I read a blog this morning by my former colleague at NRDC, Dan Lashof. Dan asked whether an infographic on combating climate instability can “save the world?” The infographic got the facts and policy right, was visually attractive, and could be read and digested in the time it takes to fire off a few tweets. It got me thinking.
It is hard to miss the rise of the infographic as a form of communication. Infographics are part of a broader trend toward greater data visualization, which has many forms econnected by a shared desire to translate data into usable information that can be digested quickly. They are all over the place. Virtually all major news outlets use them. They are the subject of blogs, including one devoted to “cool” infographics and one that features a new infographic every day, titled not unsurprisingly, The Daily Infographic. There is even a website that uses an infographic to chart the rise and use of, you guessed it, infographics. Perhaps the best indication of their ascension is a blog a few months ago in the Harvard Business Review declaring we have reached “peak infographic” and are no better for it.
Some have traced the rise of data visualization to social media, and the related expectation of more instantly accessible and terse information. This is true. But I think infographics have taken off in part because they combine data and story in a way that is compelling–and often fun. Infographics can call to mind the cartoons that many of us grew up reading. They have a bit of the flavor of a guilty pleasure, colorful, a surprise. Not at all like work.
The notion that the combination of fact, story, and brevity is an effective approach to communication is not novel. But these factors, reflected in living color in good infographics, are particularly effective in communicating about environmental policy, which sometimes can be leaden and framed in a lexicon that requires a (relevant) degree to comprehend. Environmental policy reports have to be plumbed for key points; infographics, by contrast, are the key points. The genre conveys information in a way that the left and right side of the brain can absorb. Here’s one on drinking water. Google “infographic” and your favorite environmental topic, and you will see what I mean. That doesn’t mean infographics play the role of detailed policy research. But they can be better than a traditional executive summary in explaining it to new audiences. That’s why I think Beth Kanter‘s blog about do-it-yourself infographics is a good read for environmental NGOs.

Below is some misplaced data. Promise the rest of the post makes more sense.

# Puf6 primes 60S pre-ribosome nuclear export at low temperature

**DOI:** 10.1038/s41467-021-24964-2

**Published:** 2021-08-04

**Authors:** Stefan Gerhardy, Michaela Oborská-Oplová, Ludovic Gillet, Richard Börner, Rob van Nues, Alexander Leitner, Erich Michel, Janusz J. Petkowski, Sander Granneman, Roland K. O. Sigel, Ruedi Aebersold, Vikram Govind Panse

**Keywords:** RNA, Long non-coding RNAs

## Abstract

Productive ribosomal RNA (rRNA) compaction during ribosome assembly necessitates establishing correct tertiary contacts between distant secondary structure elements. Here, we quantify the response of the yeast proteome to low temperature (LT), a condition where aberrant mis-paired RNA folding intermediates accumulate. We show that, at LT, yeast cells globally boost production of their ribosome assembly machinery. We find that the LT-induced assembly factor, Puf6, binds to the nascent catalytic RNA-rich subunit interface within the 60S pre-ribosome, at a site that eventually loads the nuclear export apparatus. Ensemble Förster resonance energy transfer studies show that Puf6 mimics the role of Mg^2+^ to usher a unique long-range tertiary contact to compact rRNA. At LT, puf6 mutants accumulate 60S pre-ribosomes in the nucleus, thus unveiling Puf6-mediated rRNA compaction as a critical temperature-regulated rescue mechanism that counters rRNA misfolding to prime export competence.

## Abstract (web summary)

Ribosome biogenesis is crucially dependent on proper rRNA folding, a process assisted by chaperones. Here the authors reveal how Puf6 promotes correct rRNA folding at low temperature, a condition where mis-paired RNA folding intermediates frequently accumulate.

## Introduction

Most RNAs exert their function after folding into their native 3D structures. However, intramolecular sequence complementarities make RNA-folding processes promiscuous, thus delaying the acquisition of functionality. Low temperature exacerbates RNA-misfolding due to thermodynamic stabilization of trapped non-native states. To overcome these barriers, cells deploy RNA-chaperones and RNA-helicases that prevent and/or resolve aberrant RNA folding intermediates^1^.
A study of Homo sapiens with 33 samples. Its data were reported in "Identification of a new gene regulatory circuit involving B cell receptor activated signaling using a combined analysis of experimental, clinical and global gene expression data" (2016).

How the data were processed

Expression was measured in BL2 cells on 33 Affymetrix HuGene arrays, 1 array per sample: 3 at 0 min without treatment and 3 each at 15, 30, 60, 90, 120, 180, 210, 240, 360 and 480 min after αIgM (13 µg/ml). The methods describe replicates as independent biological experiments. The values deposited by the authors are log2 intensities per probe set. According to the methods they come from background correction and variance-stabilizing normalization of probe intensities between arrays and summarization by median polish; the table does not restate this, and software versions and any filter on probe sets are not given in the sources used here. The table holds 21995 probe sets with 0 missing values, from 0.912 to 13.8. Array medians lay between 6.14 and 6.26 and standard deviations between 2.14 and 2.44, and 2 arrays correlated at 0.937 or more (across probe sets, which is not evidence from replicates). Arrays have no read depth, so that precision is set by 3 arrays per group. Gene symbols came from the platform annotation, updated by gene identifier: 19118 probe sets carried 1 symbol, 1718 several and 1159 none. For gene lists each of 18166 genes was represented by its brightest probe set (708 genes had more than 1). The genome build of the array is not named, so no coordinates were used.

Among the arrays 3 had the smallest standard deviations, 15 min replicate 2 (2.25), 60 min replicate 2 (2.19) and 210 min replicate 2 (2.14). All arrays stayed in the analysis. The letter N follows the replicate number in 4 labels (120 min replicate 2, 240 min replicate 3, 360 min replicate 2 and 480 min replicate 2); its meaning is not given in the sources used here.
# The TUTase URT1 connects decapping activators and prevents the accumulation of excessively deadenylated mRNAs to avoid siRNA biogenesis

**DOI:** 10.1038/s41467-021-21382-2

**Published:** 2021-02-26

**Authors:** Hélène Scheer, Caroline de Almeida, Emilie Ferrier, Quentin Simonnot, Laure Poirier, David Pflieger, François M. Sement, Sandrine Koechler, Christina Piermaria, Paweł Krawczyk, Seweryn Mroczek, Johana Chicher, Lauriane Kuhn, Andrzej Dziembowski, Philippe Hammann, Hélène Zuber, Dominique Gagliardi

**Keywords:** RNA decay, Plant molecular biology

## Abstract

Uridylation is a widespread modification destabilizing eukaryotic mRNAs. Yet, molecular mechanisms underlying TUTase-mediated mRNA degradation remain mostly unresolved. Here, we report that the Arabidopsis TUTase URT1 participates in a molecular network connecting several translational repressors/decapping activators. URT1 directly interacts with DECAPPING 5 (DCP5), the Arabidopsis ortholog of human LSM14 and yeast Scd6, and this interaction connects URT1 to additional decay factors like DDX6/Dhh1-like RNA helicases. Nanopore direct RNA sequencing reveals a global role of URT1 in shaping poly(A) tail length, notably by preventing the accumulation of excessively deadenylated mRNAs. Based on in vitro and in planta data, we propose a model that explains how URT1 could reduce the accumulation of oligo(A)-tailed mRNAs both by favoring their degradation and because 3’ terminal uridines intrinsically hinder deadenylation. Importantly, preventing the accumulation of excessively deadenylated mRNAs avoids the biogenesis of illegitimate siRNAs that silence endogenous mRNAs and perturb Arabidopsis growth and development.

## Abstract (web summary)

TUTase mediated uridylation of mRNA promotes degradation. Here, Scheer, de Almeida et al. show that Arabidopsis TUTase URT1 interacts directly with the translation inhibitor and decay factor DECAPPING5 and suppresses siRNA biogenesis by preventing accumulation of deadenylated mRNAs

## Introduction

Infographics can play a role in philanthropy, too. They may be better than a typical funding proposal in conveying a problem and a set of solutions–and the pathway in between. Indeed, many infographics are a close cousin to a “theory of change“, philanthropic short-hand for what you plan to do and why you think it may work. If it were easier to produce infographics today, foundations might give serious consideration to asking prospective grantees seeking substantial grants to include one as a component of a proposal. The process of preparing one requires distillation and clear thinking. There’s no room to hide. Illustrating a complex dynamic graphically might reveal weak spots and sharpen proposed responses. If I were seeking grants today, I’d try to get infographics made on key aspects of my program. Boiling an idea down to its essence and presenting it in a compelling way is perhaps the fundament of grant prospecting.
Can a good infographic on climate options save the world? Almost certainly not. But if it helps better convey environmental policy choices and solutions, reach more people, and, well, look cool, it certainly will not hurt.
Reposted from the Huffington Post blog.